What is Bursitis?

Bursitis is the inflammation and swelling of a bursa. A bursa is a fluid-filled sac which forms under the skin, usually over the joints, and acts as a cushion between the tendons and bones, it is basically like a blister, but one that sits deep to the skin. It can occur across the body in the hip, elbow, knees as well as feet, in the feet bursitis is commonly found at the back of the heel, under the heel, and at the side of a bunion. 

What causes it?

Bursitis can often develop due to injury or repetitive movement. Your risk of developing bursitis is increased if you regularly take part in physical activities that involve a lot of repetitive movement, so running can lead to development of a bursa in the ankle or foot. Less commonly, bursitis can develop as a result of an infection or as a complication of certain other pre-existing conditions, such as gout or rheumatoid arthritis.

What will happen if I leave it?

The pain can often improve within a few weeks, but the swelling may take longer to completely disappear. Exactly how long it takes to recover may depend on where the bursitis is and whether it was caused by an infection. If it is an infection it could be Septic bursitis, this can lead to additional symptoms, such as; a high temperature or fever, you may start getting flu-like shivers or an infection of the deeper layers of the skin and an accumulation of broken skin over the affected area.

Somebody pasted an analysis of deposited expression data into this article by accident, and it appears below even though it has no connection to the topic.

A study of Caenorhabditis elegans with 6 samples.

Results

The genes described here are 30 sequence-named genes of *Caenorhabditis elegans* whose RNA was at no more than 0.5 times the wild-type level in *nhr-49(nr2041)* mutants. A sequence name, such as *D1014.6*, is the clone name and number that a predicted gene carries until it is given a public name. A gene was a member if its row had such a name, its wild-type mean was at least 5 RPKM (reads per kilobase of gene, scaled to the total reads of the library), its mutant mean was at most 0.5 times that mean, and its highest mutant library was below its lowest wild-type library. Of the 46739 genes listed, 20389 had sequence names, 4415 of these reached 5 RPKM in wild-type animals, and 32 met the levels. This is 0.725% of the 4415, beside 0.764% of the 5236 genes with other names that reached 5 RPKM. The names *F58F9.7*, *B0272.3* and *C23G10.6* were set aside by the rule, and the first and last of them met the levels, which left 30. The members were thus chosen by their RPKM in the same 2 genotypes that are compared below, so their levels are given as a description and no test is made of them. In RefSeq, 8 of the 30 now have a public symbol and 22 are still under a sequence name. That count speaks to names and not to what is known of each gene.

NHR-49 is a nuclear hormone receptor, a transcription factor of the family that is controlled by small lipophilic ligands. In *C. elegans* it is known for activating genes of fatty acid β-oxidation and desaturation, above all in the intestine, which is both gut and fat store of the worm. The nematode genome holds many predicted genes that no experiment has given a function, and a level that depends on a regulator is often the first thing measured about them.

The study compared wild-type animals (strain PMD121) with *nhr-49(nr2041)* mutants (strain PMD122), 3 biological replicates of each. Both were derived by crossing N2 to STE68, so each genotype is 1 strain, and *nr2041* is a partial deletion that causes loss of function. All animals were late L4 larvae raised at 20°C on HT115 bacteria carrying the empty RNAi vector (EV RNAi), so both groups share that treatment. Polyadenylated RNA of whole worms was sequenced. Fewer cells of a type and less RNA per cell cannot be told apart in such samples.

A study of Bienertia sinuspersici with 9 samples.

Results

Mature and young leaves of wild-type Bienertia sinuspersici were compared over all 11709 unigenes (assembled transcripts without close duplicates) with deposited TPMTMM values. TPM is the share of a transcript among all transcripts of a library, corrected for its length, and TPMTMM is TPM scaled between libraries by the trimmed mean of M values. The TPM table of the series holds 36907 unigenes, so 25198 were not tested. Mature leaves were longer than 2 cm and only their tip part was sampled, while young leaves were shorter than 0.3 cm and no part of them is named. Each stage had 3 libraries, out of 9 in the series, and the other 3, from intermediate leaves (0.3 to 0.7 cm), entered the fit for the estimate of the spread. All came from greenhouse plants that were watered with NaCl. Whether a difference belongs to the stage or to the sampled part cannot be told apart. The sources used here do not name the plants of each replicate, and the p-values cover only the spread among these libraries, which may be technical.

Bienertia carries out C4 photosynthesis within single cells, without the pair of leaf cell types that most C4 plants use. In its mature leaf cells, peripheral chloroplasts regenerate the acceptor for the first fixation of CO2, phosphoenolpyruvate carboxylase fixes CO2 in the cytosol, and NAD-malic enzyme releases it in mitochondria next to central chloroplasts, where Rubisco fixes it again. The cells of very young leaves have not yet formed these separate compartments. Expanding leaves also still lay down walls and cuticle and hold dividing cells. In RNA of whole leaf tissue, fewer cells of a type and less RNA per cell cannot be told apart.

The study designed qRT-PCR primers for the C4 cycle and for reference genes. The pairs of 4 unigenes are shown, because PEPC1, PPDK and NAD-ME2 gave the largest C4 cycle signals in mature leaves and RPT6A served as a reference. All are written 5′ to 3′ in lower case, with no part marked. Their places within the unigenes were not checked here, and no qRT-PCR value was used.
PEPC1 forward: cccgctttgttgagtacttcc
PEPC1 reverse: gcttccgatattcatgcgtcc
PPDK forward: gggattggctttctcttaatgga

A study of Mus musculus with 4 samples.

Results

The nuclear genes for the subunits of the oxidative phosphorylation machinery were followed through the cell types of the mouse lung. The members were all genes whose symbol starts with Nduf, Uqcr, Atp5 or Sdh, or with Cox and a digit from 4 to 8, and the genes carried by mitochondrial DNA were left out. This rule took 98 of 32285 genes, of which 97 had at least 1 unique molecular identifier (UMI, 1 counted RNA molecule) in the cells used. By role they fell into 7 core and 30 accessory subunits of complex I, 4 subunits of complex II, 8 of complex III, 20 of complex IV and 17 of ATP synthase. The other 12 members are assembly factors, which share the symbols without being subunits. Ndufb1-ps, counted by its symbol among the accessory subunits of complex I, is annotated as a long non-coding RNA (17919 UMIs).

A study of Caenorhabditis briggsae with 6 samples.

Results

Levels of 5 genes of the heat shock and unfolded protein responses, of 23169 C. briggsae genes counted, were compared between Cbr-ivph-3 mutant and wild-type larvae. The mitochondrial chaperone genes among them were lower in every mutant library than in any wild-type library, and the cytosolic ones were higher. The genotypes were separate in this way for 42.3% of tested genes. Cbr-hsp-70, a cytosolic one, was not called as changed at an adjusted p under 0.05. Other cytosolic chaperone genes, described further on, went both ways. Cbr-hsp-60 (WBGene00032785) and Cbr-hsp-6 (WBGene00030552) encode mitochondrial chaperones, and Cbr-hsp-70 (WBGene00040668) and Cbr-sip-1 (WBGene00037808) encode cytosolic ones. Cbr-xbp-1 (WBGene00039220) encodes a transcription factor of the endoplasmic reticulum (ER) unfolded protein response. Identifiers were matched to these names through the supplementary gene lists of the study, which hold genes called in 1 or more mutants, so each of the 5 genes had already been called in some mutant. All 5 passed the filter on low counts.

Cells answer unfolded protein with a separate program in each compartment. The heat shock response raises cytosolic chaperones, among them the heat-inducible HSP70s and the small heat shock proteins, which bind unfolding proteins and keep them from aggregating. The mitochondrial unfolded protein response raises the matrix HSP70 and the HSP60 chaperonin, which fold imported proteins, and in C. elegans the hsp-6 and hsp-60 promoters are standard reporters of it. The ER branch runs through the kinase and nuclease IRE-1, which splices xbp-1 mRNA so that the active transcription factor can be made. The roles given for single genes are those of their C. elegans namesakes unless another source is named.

What can help?

To prevent development there are several small things that can have a big impact. If you run or walk regularly, make sure your walking or running shoes fit properly. If you continue having problems with your shoes, a podiatrist will be able to provide a more expert opinion and look at your overall lower limb biomechanics. 

What are the treatment options?

Often just using simple techniques like applying an ice packs can be a good way to reduce inflammation and pain or you can purchase over the counter painkillers such as paracetamol or ibuprofen can help to relieve the pain, as a plus Ibuprofen can also be used to help reduce the swelling. However, if the swelling caused by bursitis is particularly severe, you may want to consider having the fluid drained out. This procedure is known as aspiration, and it can relieve the pain and improve the range of movement in your joint. During aspiration, a needle is used to draw out the fluid from the bursa. If your symptoms prove persistent and resistant to treatment a specialist can inject corticosteroids directly into the affected area. 

In severe cases, surgery may be recommended to remove the affected bursa, particularly where septic bursitis does not respond to antibiotics. Surgery either involves removing the bursa completely, or making an incision in your skin and draining the fluid out of the bursa.